April 23, 2012 The AA Bankruptcy: The Creditiors
Meet the nine votes that will determine the fate of AA:
Three AA Unions (APA, APFA, TWU)
HP Enterprise Services
Wilmington Trust Bank
Bank of New York
Manufacturers and Traders Trust Co
Remember what I said earlier about the Ch. 11 process. AA has to present a plan to these 9 that shows it can operate profitably. Other entities can present a take over plan to the committee that if approved will end AA’s existence. The Bankruptcy judge has final approval, but they generally follow what the committee approves.
The three banks: Manufacturers and Traders Trust Co; Wilmington Trust Bank; and Bank of New York will do whatever is in the interest of their bottom line. They are going to side with the people that promise to pay them more. Representing the bondholders, their votes are a toss up.
The three unions are another issue. I wondered why US was inking deals with AA’s unions, now it makes sense. These deals will give US three yes votes.
The Pension Benefit Guarantee Corporation is a lot like the FDIC for pension programs. When AA kills their pension program, the PBGC takes over the obligation. They are no fan of AA but I can’t image they are a fan of US. They are going to put the employee’s interest first. This vote is up in the air. With AA wanting to kill the pension program, I can imagine this vote leaning US
HP is an interesting creditor. There were rumors of AA developing a new passenger service system to be called “jetstream” developed by HP. Apparently AA owns HP such a substantial amount of money they got a seat. HP owns SHARES the current PSS for UA and US. If US kills Jetstream then HP may want to vote for AA. HP want’s to get paid, I think they lean to AA
Boeing is the last creditor. AA inked a huge deal with Boeing to lease over a 100 new aircraft in the coming years. US has promised to honor these leases. I am not buying it. US hasn’t ordered any new Boeing aircraft in a long time and is looking to retire the aircraft they do have. Airbus continues to cut US sweetheart deals on planes just to increase US market share. I think Boeing has to vote for AA. AA’s got rid of the A300’s and is looking to accelerate the retirement of the MD-83s in favor of 737-800’s.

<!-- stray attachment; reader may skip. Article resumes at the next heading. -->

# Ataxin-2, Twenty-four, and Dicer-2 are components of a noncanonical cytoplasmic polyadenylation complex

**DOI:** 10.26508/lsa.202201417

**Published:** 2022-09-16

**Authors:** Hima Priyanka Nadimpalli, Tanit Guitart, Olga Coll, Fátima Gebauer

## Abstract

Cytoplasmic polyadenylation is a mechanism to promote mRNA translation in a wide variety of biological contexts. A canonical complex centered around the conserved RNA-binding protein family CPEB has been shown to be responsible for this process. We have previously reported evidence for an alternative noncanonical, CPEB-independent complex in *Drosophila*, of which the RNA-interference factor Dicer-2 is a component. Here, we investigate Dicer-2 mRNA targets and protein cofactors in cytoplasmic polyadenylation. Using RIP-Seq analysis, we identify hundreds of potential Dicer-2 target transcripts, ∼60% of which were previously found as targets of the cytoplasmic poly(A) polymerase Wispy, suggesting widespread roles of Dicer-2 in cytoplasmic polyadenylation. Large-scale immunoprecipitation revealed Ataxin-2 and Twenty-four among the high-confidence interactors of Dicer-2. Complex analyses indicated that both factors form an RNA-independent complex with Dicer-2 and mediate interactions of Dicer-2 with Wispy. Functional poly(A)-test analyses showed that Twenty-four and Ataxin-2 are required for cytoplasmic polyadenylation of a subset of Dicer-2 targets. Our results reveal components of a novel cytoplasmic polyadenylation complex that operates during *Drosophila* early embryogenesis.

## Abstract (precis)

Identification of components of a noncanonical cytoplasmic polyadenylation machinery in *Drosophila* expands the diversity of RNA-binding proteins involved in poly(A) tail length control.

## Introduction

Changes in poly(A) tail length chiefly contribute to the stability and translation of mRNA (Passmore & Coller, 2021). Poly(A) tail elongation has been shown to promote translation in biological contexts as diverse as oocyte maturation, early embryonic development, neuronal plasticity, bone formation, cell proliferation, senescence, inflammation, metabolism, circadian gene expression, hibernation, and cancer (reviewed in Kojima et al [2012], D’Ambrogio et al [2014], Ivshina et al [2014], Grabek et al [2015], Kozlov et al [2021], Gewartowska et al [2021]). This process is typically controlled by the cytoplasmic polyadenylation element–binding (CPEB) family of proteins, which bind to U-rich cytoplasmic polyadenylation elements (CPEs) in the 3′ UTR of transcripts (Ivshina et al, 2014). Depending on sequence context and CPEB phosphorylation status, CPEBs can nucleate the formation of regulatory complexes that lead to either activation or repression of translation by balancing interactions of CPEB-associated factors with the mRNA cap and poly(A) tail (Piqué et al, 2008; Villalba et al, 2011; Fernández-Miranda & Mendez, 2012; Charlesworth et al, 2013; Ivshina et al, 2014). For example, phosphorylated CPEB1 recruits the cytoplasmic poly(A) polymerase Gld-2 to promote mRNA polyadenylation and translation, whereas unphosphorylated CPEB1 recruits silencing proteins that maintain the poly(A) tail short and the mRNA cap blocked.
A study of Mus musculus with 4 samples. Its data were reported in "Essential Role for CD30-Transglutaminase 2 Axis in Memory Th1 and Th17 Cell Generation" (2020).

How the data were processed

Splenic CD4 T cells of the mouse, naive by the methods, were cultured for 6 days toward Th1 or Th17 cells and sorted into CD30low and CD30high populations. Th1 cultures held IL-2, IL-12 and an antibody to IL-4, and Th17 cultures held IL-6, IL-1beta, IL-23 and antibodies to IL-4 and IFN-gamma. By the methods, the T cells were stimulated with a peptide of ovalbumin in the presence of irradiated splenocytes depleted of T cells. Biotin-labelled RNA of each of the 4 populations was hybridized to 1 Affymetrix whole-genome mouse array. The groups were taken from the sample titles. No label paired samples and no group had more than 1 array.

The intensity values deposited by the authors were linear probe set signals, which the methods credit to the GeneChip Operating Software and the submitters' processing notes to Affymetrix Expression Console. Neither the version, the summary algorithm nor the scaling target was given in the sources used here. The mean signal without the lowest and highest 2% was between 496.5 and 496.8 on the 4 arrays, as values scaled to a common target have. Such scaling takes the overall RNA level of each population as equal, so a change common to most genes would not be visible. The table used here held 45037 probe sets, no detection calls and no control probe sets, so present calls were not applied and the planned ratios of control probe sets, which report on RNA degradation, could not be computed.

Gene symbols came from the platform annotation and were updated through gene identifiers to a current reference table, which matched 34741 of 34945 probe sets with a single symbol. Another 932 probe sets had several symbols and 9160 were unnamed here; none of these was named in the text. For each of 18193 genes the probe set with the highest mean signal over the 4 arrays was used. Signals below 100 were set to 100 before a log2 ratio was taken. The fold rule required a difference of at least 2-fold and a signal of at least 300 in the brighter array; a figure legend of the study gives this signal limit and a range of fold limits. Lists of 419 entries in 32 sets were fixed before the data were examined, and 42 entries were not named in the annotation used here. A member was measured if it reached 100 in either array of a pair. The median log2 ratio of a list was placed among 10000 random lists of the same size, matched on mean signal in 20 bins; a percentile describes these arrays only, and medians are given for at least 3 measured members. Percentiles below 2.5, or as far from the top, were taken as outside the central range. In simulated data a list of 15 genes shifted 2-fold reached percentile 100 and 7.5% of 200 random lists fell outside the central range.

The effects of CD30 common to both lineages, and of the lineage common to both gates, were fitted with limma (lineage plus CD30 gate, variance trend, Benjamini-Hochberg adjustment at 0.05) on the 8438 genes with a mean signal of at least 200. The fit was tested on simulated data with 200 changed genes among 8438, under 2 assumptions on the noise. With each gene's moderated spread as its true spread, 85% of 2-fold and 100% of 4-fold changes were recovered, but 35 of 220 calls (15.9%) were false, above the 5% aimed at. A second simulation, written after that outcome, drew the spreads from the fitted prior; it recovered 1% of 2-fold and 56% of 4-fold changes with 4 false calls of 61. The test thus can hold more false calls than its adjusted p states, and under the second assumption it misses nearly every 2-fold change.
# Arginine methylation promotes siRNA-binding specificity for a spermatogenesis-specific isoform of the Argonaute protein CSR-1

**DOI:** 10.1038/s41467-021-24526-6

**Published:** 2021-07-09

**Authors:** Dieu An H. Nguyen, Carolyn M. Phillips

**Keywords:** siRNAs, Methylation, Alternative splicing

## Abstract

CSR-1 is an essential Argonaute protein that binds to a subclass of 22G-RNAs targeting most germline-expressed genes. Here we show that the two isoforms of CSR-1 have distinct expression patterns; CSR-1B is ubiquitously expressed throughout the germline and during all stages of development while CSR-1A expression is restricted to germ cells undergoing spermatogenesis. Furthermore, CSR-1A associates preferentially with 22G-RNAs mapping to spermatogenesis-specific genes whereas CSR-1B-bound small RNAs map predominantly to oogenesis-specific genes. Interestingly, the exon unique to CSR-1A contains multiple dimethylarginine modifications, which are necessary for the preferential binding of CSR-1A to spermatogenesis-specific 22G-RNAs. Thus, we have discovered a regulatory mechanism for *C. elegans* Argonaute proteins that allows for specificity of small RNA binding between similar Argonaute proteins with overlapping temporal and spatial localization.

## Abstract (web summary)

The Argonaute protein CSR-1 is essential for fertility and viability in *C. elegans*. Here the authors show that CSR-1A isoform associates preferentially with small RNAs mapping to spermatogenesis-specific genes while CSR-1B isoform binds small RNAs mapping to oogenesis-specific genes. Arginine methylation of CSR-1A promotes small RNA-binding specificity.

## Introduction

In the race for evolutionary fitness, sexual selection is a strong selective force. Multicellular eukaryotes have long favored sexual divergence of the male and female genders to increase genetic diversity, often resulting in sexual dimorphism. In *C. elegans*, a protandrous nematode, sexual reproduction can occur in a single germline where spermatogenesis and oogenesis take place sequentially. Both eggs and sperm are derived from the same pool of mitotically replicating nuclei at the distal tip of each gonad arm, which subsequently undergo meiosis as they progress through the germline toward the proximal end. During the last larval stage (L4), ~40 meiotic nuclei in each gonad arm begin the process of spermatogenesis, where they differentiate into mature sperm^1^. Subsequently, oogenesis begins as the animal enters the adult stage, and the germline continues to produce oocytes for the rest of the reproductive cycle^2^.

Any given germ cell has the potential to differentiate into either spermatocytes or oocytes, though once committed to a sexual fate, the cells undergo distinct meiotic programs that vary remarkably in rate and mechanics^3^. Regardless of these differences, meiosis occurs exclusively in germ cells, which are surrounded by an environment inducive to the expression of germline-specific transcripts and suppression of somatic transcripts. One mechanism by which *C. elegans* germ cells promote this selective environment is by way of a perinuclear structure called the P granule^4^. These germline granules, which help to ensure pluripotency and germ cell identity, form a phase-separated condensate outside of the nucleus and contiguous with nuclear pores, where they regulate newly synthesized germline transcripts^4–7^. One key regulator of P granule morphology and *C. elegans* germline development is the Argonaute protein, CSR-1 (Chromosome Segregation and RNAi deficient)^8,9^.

Banks, ? ? ?
Unions, US, US, US
If I was AA, I would forget the PBGC vote and focus solely on inking deals with the bondholders. If I was US, I would assume the AA pensions and pay off one bank or pay off two banks whichever is cheaper. Either way the banks are going to be the swing votes here.
Ch. 11. is a blessing and a curse. Right now AA’s future is in the hands of three banks. On the other side of the table you have one the most capable CEO’s of all time in Doug Parker.
People always discount Doug Parker because of how poor U.S. Airways is. This underestimation has hidden the facts, that will three second tier hubs, a marginal route network, a mutinous workforce, and a southwest airlines incursion at two hubs, US is making money. Something neither pre-merger United nor American could apparently pull off.
BTW Southwest is starting to pull back out of PHL.
Doug Parker ranks as either the number one or number two Airline CEO’s of all time. Gordon Bethune may beat him out for the number one spot for saving Continental Airlines, but it is close.
Will AA survive, maybe, but it is going to be very very close.